This work follows a Memorandum of Understanding signed between the two entities in March 2023. Seiko Epson Corporation will use its dry fibre technology to establish a defibrating process on elastic blended and/or tightly weave fabrics. HKRITA will provide technical support in recycling and evaluate the recycling performance in terms of materials properties. The innovation aims to provide a recycling solution for industry application. 

Edwin Keh, CEO of HKRITA, said: “We always strive to maximise the impact of our technologies. This collaboration facilitates a more comprehensive approach to sustainability, allowing the two organisations to develop integrated solution that goes beyond the limitation of a single industry and uncovers synergistic opportunities.”

Satoru Hosono, deputy general administrative manager of Epson’s Technology Development Division, said: “There’s a growing global movement to use recycled textiles. We’re collaborating with the renowned textile and apparel research institute HKRITA to apply our unique dry fibre technology to develop technologies that will allow the recycling of clothing/textile that would previously have been discarded. Our aim is to provide new textile recycling solutions that will respond to growing demands from people around the world.”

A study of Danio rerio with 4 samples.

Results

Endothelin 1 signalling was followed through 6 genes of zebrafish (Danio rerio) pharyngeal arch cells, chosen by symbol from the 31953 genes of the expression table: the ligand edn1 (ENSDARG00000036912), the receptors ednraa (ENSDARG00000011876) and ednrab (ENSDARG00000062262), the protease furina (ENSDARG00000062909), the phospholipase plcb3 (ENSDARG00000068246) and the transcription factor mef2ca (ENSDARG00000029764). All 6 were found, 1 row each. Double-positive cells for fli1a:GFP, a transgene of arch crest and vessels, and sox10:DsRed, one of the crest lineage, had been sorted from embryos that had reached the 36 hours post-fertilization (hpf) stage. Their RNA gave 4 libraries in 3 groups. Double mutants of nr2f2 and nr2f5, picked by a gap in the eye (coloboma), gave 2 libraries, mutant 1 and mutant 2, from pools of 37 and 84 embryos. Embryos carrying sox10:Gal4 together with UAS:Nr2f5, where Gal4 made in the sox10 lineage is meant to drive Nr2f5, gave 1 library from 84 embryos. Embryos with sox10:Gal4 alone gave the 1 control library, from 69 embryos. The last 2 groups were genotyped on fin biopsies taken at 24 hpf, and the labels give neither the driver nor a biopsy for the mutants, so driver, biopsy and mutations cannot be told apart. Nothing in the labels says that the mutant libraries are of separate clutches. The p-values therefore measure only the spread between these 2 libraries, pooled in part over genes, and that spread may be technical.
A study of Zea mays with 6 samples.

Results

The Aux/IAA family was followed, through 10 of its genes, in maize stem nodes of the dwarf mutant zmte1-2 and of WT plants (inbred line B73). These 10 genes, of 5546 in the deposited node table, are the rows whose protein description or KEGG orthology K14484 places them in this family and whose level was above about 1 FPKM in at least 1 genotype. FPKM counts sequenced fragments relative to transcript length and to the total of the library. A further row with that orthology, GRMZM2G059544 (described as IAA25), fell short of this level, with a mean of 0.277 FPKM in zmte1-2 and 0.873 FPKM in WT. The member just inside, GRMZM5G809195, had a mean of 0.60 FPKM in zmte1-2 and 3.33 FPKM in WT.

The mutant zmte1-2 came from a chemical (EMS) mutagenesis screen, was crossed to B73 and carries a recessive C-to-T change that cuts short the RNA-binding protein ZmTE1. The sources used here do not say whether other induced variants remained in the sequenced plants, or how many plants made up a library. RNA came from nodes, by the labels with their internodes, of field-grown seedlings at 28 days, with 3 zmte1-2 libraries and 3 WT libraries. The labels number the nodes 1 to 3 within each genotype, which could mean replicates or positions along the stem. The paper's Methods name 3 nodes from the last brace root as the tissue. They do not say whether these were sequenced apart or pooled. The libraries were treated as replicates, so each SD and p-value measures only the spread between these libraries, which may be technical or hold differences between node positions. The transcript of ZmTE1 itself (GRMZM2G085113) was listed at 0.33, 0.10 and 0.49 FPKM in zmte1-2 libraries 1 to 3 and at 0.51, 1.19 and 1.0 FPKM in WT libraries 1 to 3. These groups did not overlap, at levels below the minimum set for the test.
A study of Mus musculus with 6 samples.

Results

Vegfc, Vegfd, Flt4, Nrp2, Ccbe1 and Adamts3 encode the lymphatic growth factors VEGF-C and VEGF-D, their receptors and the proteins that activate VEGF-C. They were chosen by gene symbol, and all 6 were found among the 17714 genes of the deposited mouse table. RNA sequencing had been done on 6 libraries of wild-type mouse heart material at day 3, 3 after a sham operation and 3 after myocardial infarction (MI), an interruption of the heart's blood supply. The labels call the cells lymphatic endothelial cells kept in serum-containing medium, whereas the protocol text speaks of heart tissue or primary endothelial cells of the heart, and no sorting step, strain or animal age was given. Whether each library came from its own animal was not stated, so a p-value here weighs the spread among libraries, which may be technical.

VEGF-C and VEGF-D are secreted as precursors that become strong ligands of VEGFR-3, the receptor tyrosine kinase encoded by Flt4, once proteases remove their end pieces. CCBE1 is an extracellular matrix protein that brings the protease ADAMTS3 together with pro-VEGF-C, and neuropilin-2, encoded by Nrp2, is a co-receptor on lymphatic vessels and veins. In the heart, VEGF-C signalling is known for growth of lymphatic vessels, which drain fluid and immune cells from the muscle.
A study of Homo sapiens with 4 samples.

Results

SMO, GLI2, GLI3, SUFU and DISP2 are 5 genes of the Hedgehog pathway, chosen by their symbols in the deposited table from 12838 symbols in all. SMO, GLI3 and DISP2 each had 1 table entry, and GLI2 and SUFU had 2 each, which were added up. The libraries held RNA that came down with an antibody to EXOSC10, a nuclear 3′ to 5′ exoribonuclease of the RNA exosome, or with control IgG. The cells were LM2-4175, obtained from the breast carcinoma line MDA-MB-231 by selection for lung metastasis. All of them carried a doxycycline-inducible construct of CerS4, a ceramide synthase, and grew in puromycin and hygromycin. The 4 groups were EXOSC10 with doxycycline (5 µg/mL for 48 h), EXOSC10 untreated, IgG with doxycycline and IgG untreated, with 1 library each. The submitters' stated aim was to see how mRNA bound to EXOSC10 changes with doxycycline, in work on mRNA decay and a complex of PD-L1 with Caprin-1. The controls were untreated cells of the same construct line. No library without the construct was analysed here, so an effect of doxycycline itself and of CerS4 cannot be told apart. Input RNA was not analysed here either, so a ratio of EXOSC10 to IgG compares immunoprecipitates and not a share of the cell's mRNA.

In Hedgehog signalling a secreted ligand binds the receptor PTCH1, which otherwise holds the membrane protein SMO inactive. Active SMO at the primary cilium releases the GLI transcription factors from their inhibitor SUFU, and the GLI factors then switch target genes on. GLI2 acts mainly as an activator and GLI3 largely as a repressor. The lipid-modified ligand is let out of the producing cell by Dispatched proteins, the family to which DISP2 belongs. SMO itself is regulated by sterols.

HKRITA is best known for the development of its ‘Green Machine’ which separates blended textiles. The Green Machine uses a hydrothermal treatment method that decomposes cotton into cellulose powders and enables the separation of polyester fibres from blended fabrics. This method was jointly developed by researchers from HKRITA and Shinshu University.

The process is a closed loop and uses only water, heat and less than 5 per cent biodegradable green chemicals. Crucially, this method does not damage the polyester fibres and therefore maintains their quality; the cellulose powders can be used in a variety of ways.